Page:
1821 — Birthdate of Charles Baudelaire
Your current situation brings to mind the poem “Une Charogne” (“A Carcass”) from Baudelaire’s Flowers of Evil.
“Do you recall that thing we saw, my love, / That beautiful summer morning…”
Two lovers out for a stroll discover a decaying carcass, its legs in the air “like a lusty woman,” the body swollen with poison and gasses:
“And the sky regards the superb carcass / Like a flower in bloom…”
The odor is so overpowering that the narrator’s companion nearly faints. But the poem does not look away — in fact, it luxuriates in queasy details of buzzing flies and clusters of maggots, finding unexpected beauty…a “strange music” within the decay.
For Baudelaire, the encounter is unusual. Perhaps, if corpses appeared around every corner, the sight might not have inspired his poetry.
For you, a surgical mask filters a portion of the odor, but not enough. As your shovel slides beneath the body, the swollen stomach bursts and a cloud of gnats rises into diseased air. You step back quickly, waving aside the spray of insects, then wield the shovel again, heaving the lower half into your wooden cart. The upper half has stuck to the pavement, which is why the body tore. You scrape at it, gathering the solid remains while foul liquid oozes onto the road and nearby grass.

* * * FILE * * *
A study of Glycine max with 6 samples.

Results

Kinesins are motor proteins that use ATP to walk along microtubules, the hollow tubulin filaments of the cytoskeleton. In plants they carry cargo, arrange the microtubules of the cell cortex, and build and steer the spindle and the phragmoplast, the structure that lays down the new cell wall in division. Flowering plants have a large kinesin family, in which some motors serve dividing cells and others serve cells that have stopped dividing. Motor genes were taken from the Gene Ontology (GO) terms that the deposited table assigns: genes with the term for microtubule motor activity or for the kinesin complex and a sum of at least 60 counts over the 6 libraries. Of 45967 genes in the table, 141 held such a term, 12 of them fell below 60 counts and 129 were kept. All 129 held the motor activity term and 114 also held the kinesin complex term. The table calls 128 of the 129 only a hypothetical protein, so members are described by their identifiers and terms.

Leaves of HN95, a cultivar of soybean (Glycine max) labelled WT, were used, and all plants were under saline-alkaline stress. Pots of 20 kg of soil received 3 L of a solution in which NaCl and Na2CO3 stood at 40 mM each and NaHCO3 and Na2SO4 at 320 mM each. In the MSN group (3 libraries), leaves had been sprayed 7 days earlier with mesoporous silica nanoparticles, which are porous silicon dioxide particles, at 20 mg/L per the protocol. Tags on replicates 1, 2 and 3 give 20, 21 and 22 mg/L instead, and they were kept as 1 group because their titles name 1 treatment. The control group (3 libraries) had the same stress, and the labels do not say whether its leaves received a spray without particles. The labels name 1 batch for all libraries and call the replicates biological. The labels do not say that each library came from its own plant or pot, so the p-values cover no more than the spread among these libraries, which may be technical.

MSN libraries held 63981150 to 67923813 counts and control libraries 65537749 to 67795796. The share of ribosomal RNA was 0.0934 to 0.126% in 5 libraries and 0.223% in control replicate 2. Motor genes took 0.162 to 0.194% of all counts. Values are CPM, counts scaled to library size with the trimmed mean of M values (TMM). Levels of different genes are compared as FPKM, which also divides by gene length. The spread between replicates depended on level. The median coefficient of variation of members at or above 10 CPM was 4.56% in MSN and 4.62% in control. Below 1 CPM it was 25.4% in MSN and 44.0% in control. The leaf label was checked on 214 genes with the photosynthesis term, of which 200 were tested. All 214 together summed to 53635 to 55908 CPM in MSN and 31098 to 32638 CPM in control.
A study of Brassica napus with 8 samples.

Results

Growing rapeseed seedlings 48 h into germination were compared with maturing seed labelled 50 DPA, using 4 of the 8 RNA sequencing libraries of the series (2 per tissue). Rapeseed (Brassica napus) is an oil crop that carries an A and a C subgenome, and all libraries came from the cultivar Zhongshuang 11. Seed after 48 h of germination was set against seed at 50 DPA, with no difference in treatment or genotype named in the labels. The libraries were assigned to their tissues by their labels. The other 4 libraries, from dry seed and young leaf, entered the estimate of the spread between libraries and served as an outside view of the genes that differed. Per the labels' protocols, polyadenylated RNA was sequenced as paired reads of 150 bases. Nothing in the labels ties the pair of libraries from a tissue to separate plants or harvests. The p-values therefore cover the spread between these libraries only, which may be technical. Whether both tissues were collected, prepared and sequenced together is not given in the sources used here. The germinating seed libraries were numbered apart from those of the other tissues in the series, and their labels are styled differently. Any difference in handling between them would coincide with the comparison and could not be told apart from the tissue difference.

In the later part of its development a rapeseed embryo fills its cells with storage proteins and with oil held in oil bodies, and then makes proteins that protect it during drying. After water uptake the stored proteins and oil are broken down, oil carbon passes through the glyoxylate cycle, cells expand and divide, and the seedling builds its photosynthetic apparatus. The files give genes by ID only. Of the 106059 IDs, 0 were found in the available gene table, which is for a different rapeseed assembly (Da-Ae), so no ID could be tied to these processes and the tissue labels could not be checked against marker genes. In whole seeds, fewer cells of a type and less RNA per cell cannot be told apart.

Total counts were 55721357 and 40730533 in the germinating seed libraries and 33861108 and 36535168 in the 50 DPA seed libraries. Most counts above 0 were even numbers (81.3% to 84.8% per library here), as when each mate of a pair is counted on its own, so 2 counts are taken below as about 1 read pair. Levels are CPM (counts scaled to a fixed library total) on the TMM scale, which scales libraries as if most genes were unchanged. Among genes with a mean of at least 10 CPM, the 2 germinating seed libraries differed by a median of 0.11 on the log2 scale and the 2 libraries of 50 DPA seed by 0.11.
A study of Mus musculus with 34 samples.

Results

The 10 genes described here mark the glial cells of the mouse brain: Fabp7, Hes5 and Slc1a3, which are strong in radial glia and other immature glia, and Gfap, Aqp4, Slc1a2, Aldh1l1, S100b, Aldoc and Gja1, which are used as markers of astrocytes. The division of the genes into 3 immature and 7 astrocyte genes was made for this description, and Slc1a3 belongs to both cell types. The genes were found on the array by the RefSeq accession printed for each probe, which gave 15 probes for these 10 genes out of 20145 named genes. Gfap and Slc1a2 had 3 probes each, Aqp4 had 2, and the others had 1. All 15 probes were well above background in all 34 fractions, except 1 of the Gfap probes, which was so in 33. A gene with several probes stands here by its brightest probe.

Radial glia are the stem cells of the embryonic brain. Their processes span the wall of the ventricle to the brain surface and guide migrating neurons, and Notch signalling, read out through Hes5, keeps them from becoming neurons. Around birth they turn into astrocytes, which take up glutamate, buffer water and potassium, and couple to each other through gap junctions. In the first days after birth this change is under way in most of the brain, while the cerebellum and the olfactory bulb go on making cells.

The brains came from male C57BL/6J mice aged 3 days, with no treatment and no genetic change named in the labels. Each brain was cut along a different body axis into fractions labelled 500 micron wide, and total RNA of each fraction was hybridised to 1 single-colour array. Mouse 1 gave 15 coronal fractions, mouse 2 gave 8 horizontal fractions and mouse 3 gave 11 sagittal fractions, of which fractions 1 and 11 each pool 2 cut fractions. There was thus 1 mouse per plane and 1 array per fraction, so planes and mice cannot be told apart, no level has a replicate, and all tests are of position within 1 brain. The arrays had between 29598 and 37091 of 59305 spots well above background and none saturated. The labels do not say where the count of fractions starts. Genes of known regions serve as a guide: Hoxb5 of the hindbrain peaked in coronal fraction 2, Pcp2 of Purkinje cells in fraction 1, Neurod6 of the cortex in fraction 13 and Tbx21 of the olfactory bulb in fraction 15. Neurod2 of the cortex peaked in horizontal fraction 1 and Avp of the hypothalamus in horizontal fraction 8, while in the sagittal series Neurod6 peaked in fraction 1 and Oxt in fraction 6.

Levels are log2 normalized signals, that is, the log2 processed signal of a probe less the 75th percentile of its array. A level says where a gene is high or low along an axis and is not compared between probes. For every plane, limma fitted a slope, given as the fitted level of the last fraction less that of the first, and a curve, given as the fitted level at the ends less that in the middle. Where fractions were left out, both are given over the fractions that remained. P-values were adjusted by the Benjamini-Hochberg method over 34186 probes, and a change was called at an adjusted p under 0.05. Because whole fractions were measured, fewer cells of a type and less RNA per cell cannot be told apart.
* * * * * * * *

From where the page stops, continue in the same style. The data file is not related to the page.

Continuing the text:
One down, another dozen or so to go. You’ll wheel the cart to the edge of town, burn the multiple corpses, and hope you’ve curtailed further spread of the infection.
Sometimes you catch yourself trying to recognize a face, trying to match it with the list of the missing. But it’s better not to know.
It will be a long day. You move to the next carcass, more hideous and contorted than the one before, and wish you had a poet’s ability to find beauty in decay.